Sunday, July 08, 2012

Easier Teaching With Online Tools and New Techniques

Australian educational institutions are making a considerable investment in online learning management systems (LMS) and new teaching techniques. However, my impression is that there is not much enthusiasm for either, from the teaching staff. Given the burden of just keeping up with the teaching day to day, there is little time, or enthusiasm, for learning new technology or teaching techniques. So I suggest the emphasis with such training be changed from how they benefit students (or society in general), to how they will save the individual teacher time and effort.

Some topics could be:

1. Reduce your course administration using the LMS.
2. Faster assignment marking with Rubrics and LMS.
3. Answer student questions just once with the LMS.
4. Simplify your course notes with eBooks.
5. Streamline your classroom activities with the LMS.

Universities in particular tend to have two types of educational staff development: software training which explains what to do, but not why it is educationally relevant and education courses with considerable educational theory, but not how to use the software to implement them. I suggest we need a little more theory, but linked to practice.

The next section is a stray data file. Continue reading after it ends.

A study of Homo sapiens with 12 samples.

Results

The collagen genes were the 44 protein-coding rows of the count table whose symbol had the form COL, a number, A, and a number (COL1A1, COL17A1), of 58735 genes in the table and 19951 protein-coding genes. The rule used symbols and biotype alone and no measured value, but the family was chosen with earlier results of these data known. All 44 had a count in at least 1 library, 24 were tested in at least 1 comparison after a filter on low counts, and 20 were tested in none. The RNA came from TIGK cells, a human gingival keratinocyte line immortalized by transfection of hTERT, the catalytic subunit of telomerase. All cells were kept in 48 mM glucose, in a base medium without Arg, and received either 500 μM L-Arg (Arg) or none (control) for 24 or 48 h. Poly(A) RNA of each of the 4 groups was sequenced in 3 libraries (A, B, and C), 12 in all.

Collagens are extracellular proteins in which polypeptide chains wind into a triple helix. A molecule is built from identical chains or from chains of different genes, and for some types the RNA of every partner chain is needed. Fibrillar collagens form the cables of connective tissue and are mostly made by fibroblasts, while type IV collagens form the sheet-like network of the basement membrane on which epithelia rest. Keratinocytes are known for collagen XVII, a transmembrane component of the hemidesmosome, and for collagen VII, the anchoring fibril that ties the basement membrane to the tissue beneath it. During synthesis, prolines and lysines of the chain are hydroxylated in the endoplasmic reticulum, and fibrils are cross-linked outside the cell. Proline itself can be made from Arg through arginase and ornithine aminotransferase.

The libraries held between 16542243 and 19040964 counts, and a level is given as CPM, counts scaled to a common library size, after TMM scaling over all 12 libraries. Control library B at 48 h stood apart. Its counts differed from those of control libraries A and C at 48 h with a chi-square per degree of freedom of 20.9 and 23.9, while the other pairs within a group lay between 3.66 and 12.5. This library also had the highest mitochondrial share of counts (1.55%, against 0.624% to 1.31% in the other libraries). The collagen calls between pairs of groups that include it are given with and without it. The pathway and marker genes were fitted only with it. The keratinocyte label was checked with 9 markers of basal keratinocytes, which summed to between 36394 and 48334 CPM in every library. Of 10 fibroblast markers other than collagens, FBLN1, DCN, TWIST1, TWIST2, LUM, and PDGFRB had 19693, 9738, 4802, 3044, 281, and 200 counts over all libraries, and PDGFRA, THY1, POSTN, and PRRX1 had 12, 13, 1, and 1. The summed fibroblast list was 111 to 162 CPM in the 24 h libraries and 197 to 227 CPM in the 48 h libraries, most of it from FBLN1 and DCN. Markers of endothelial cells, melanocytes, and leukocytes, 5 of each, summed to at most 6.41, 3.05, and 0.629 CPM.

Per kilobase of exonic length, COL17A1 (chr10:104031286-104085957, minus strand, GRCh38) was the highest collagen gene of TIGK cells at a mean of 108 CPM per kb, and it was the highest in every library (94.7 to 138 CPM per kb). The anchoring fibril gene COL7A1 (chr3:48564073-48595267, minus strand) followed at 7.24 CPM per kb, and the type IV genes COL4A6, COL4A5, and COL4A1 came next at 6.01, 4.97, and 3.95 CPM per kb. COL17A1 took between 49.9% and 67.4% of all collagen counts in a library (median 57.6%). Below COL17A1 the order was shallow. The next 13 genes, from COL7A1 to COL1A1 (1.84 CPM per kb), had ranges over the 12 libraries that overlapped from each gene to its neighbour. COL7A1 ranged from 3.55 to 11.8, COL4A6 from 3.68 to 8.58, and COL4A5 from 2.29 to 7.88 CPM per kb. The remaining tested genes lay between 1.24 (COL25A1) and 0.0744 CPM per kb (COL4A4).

As an example, university lecturers frequently complain about the amount of time and effort needed to mark written assignments. Rubrics provide a way to speed up this process. The process can be further streamlined by using support for the rubric in the LMS. It is not hard to learn how to use rubrics and even easier to learn how to implement them with a LMS.

But lecturers are sceptical of the educational validity of rubrics and may see them as trivializing the assessment process. This scepticism can be overcome with some educational theory and research results, explaining how a rubric works and confirming it works in practice.

Use the same tools in the classroom and remotely

Also a more holistic approach needs to be taken more generally to educational techniques and technologies. As an example, much more use could be made of the LMS in face-to-face and online real time classes (so called synchronous learning).

Currently the LMS is though of as something used for distance and blended learning, by the student when alone, in their own time. However, the same LMS can be used in a real or virtual classroom, by the lecturer and the students.

The lecturer can use the LMS on a projection screen to display materials for a class (using the web browser's zoom function to make the text and images large enough to see). Where students each have their own networked tablet, laptop, or desktop computer, they can also use the LMS live.

During remote real-time sessions, the LMS can also be used, alongside a video conference. Rather than have to provide convoluted explanations of where to get the course materials, or attempt to send the materials in real time via the video conference system, the lecturer can simply show this with the LMS on screen.

Rather than starting a set of presentation slides from their computer's desktop, the lecturer can navigate through the LMS and show students where to find the presentation. The student will then know where to get the material later for self study. A bonus is that the lecturer can be sure that the presentation they are giivng is the same one the students have access to.